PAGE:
Greg Straight

When is the right time to leave your job and start freelancing? What is it like being self-employed without the safety net of regular wages? GSM talks to kiwi illustrator Greg Straight to hear his story…

Greg Straight illustrator freelancingI started drawing when I was really young. So you could say I’ve been illustrating for 49 years. However, getting started as a commercial illustrator was hard. My wife Hannah and I met in England where we did pretty well in our respective creative fields. I was actually freelancing by the time we left the UK in 2006.

Arriving in New Zealand, we bought a small house in Glenfield and shortly afterwards, my daughter Chloe was born, To provide security for my family, I traded-in freelancing for a full-time design position. Although it was a design gig, it was mostly tee shirt and apparel artwork. Not particularly inspiring. I was doing it to pay the bills but after seven years in the role, I needed something more creative. So, I started moonlighting with freelance projects.

My boss at my day job was really understanding. He allowed me to cut back my hours to accommodate this. At the time, Chloe was very young so I’d draw while she slept and then play barbies and my little pony with her in the afternoon—my wife Hannah would do the morning shift. Hannah and I were often like ships passing in the night. I was like a zombie at my full-time job, surviving on strong coffee and chocolate bars! But eventually, I gained enough traction to quit my day job. I’ll never forget that day. For one of my first Instagram posts I wrote the words ‘I Quit’ on a post-it note. It felt so good. I’ve been self-employed ever since.

Getting Noticed

To gain exposure, I exhibited extensively at galleries and cafés throughout NZ. I also got numerous design stores to stock my work. Being prolific on social platforms like Facebook, Dribble, Instagram and Pinterest was also important. Basically, I just pestered people by emailing my work to anyone and everyone… I’m sure I was pretty annoying at times.

At one point I made a bunch of postcards with my designs on the front which I took to Semi-Permanent and plastered everywhere. I even put a bunch in the loo. Everyone snapped them up, thinking they were something to do with the event. And of course, the postcards had all my contact details on the back. I tried to get my work into magazines, and as a result, ended up designing quite a few covers. I approached people to be on their blogs or podcasts.

Pretty much, I did anything to get noticed. For me, freelancing was everything, the thought of another 9-5 job going nowhere was highly motivating.

Freelancing & Recognition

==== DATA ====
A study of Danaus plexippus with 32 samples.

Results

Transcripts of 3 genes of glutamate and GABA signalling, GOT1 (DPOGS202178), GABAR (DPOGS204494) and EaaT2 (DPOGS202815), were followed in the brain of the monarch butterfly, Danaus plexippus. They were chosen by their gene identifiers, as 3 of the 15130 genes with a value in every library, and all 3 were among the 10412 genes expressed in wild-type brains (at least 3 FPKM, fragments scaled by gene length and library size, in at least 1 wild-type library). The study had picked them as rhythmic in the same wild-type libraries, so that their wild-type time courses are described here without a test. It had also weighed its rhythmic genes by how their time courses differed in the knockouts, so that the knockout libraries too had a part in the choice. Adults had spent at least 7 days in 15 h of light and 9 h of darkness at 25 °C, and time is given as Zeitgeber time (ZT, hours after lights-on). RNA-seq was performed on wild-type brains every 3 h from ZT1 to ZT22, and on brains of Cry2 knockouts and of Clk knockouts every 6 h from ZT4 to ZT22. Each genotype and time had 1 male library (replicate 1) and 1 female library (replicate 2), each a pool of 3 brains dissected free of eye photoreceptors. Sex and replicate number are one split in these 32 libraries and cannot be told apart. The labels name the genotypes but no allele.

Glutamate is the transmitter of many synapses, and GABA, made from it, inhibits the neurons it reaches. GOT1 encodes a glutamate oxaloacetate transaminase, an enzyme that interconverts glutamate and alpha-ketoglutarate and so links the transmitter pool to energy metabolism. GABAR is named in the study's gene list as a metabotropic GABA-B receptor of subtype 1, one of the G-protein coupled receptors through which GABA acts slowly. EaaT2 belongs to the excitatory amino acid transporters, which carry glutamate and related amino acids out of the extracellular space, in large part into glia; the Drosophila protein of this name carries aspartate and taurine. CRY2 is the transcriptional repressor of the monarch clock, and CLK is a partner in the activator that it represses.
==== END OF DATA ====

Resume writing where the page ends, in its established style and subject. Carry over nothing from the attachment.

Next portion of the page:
Greg Straight freelancing workAs an illustrator, especially in the beginning, you don’t always get recognition for your work or paid what the project might be worth—a lot of what you do is about getting known. My first big breakthrough happened when I created an illustration for a limited edition golden syrup collector’s tin for Chelsea Sugar. The agency won an award at the Best Awards with this project, and I was a listed contributor.

Westpac Tui

Also, around this time, Westpac used my Tui at Dusk artwork on the front of one of their Eftpos cards, and this had my name on the reverse—I was slowly getting more exposure.

Kia OraThen a few other things happened. I got the cover plus an article in Air New Zealand’s Kia Ora Magazine and created some desktop screensavers for Microsoft (that I never got paid for). I ended up donating these to Greenpeace. The original artworks were downloaded over 2.5 million times. I often wonder what life would be like if I had a dollar for each time someone downloaded them…


Beyond Aotearoa New Zealand

I used talent agents—International Rescue and The Pond—for a while, before deciding to go solo for all NZ work. So now everything comes directly to me. I still use an agent, Illustration X, for all overseas work. I’ve been with them for about three years during which time I’ve produced work for clients in Germany, France, Australia, England and USA.

Words of Wisdom

My advice for young illustrators is to:

  • work hard,
  • find your unique voice and style,
  • do what you feel is authentic for you,
  • take notice of trends but don’t get too caught up with what’s hot.
  • Do your own thing, stick at it, and it will pay off.

Freelancing & Life Balance

I think it’s important for young creatives to know that if you want to get somewhere, you have to work really, really hard. It’s never going to fall out of the sky into your lap. Keep drawing and sketching ideas on paper. But also, find some balance, take breaks and go for walks. Get away from your computer.

There can be a lot of late nights and pressure in the design industry, demanding clients and crazy tight deadlines. Combine these with cash flow issues, and you can see how easy it is to burn out or get a Repetitive Stress Injury (RSI) or other health issues. You have to look after yourself. Good Luck!

Freelancing Projects






My favourite illustration work for print is the packaging projects I’ve completed recently. The Bluebird chip packets from about a year ago were pretty cool. This project was a colab with Auckland agency Raydar.

Freelancing Oku TeaFreelancing Good Buzz

Also, the work I produced for Oku Tea and Good Buzz were lots of fun.

Freelancing McDonalds

The two McDonald’s summer campaigns were pretty amazing as well. Seeing your illustrations inside their stores on everything from bags, boxes, murals, posters and on TV ads was a trip.

Greg Straight


And of course, in addition to generating income from my commissioned work, I have a large catalogue of kiwiana designs and prints for sale through my online store.

GSM would like to thank Greg Straight for collaborating on this article.

This article was originally published in GSM18. To read this, and other great articles, purchase this issue here.